Xu Wei - A Famous Ming Chinese Painter, Poet and Dramatist
Xu Wei (Chinese: 徐渭; 1521—1593) was a Ming Chinese painter, poet and dramatist famed for his artistic expressiveness. Revolutionary for its time, his painting style influenced and inspired countless subsequent painters, such as Zhu Da, the Eight Eccentrics of Yangzhou, and the modern masters Wu Changshuo and Qi Baishi, who once exclaimed in a poem that "How I wish to be born 300 years earlier so I could grind ink and prepare paper for Green Vine (A Xu Wei pen name)" (恨不生三百年前，为青藤磨墨理纸). Xu Wei can be considered as the founder of modern painting in China. His influence continues to exert itself. Despite his posthumous recognition, Xu was manifestly mentally ill and unsuccessful in life, ending his life in poverty after the murder of his third wife and several attempts at suicide.
His courtesy names were Wenqing (文清)and then Wenchang (文长). His various pen names were The Mountain-man of the Heavenly Pond (天池山人), Resident of the Green Vine House (青藤居士) and The Water and Moon of the Bureau's Farm (署田水月). Born in Shanying district (now Shaoxing in Zhejiang Province), Xu was raised by a single mother who died when he was 14. At 21, he married Pan-shi (潘氏), who died five years later. Xu attempted to pass the civil service examinations eight times, although he never succeeded. Nevertheless, Xu was employed by General Hu Zongxian (胡宗宪), Supreme Commander of the Jiangsu-Zhejiang-Fujian coastal defense against the wokou (倭寇) Japanese pirates.
After General Hu was arrested and lost his position Xu Wei also feared a negative fate for himself. Xu became mentally distraught at this juncture, attempting to commit suicide nine times, such as by axeing himself in the skull and drilling both of his ears. His mental imbalance no doubt led to his killing of his wife Zhang-shi (张氏) after becoming paranoid that she was having an affair. As a punishment for committing this murder, he was jailed for seven years until his friend Zhang Yuanbian (张元忭) from the Hanlin Imperial Academy managed to free him at age of 53. It is possible Xu Wei suffered from Bipolar Disorder, a condition actually recognized in China at this time. Xu spent the rest of his life painting, but with little financial success. However, his paintings have been highly sought after in modern times.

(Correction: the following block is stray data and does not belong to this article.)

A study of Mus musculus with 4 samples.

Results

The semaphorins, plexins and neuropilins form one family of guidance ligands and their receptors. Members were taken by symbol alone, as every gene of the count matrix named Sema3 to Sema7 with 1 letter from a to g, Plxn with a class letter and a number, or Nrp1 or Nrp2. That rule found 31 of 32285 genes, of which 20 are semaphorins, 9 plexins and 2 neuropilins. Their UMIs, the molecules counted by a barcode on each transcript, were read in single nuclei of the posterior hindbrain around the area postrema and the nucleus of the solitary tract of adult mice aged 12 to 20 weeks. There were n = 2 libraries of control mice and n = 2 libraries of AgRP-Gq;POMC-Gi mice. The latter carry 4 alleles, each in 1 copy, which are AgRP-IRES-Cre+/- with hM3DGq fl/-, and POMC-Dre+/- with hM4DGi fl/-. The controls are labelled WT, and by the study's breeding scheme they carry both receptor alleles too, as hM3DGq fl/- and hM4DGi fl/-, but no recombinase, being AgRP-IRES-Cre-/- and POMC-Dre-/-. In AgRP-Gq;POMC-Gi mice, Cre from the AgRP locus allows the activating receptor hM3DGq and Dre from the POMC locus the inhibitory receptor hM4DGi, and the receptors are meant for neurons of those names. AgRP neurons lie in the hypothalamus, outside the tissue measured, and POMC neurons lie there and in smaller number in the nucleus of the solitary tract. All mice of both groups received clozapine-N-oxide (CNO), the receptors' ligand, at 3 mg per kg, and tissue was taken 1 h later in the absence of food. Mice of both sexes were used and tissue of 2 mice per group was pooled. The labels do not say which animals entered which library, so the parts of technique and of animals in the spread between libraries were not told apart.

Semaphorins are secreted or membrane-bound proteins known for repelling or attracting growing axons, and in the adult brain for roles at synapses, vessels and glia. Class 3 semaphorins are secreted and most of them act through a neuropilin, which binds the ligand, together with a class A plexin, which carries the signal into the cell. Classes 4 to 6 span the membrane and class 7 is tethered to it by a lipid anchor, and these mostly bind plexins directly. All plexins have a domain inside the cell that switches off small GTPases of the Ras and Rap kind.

In addition Xu was a relatively unknown playwright, authoring the following four plays: The Heroine Mulan Goes to War in Her Father's Place (雌木兰): describes Hua Mulan, A Female Degree Holder (女状元): The Adventures of the Intelligent Huang Chongjia (黄崇嘏), The History of the Mad Drum (狂鼓史): crimes of Cao Cao, and A Zen Master's Dream of the Land of Green Jade (翠乡梦): a Buddhist story. Interestingly, Xu's dramatic efforts often deal with women's themes and Xu can be regarded as something of an early women's rights advocate.
Xu Wei was also a poet in shi style of considerable note. Xu's collected works in 30 chapters exists with a commentary by the late Ming writer Yuan Hongdao. Yuan Hongdao and the others of his literary movement were undoubtedly influenced by the writings of Xu. Of the various arts Xu Wei practised, he held his calligraphy in highest esteem. Next was his poetry. A modern typeset edition of Xu Wei's collected works, Xu Wei ji, was published by the Zhonghua Publishing House in Beijing in 1983. Previously a 1600s edition of his collected works known as the Xu Wenchang sanji was reproduced in Taiwan in 1968. In 1990 a book length study of Xu Wei by Xu Wei can be seen as the quintessential “scholar in cotton clothes” or buyi wenren, a scholar who could not pass the civil service examination, yet became active in the realm of literature and cultural achievement. Many such individuals appeared in the late 1500s and early 1600s and attached themselves to successful officials or became independent in late Ming China.